After Smithsonian Pulls art other institutions Band together in protest over GOP and Catholic influence
Our public art institutions should not bow to either a single religion or a political party.
After the video’s removal from the show, a version was placed on YouTube and other online sites. Exhibition quality copies of the four-minute work will be screened at:
• The Mattress Factory, 500 Sampsonia Way, North Side, 10 a.m. to 5 p.m. Tuesdays through Saturdays and 1 to 5 p.m. Sundays through Feb. 13.
• Wood Street Galleries, 601 Wood St., Downtown, 11 a.m. to 6 p.m. Wednesdays and Thursdays, 11 a.m. to 8 p.m. Fridays and Saturdays, 11 a.m. to 5 p.m. Sundays through Jan. 30.
• The Andy Warhol Museum, 117 Sandusky St., North Side, 10 a.m. to 5 p.m. Tuesdays through Sundays and until 10 p.m. Fridays through Feb. 13.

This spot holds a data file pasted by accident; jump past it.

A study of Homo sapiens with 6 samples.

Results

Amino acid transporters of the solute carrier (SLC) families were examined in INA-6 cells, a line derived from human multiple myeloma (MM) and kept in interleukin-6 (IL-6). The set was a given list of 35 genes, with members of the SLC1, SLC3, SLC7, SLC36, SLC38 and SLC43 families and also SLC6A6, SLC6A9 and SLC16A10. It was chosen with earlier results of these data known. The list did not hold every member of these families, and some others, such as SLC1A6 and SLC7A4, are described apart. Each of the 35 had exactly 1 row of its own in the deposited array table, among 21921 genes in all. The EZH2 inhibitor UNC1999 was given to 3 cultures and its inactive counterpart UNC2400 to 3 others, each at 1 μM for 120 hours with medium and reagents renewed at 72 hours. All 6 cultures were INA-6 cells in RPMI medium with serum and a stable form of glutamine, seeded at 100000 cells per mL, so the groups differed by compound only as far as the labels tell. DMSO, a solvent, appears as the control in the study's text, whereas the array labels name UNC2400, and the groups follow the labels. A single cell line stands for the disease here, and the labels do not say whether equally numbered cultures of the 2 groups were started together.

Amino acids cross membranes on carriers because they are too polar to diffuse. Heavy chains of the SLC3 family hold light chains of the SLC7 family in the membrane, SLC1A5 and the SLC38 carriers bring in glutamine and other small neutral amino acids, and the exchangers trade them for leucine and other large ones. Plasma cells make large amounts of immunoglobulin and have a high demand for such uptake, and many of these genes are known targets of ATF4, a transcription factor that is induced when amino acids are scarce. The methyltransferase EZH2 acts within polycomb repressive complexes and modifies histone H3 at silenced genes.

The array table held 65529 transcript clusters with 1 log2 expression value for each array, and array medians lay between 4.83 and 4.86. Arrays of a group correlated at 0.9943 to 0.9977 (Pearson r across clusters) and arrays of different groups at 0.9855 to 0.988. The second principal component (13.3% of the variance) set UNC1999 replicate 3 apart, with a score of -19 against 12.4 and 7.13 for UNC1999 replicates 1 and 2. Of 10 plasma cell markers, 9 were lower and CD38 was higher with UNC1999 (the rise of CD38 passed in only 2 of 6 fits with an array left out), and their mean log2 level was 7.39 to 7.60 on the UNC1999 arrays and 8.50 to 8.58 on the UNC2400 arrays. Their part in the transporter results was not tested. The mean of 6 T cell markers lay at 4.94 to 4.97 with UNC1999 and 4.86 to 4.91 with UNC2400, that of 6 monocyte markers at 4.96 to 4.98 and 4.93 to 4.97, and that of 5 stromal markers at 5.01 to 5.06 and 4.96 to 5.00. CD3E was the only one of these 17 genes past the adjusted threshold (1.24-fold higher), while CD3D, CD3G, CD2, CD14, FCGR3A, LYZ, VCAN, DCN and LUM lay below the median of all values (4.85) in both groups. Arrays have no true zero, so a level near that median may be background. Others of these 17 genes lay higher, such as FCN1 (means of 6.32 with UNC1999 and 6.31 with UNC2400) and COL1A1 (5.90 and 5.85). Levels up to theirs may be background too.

These venues join august and progressive institutions such as The Institute of Contemporary Art, Boston; The Hammer Museum, Los Angeles; The New Museum and the International Center for Photography, New York City; and The Tate Modern, London, England.
“The so-called Culture Wars have begun again,” Warhol director Tom Sokolowski said in a press release. “Prompted, no doubt, by the recent election results, two members of Congress have chosen to take the easy path by inflaming their followers with denunciations of supposedly anti-religious imagery. Wojnarowicz was one of the most important artists of the 1980s. His work shares equal parts anger and poignancy.”
“An institution [the National Portrait Gallery] that stands for American art simply must show American art,” said Mattress Factory co-director Barbara Luderowski. “Anything less is a violation of our freedom of speech and expression.”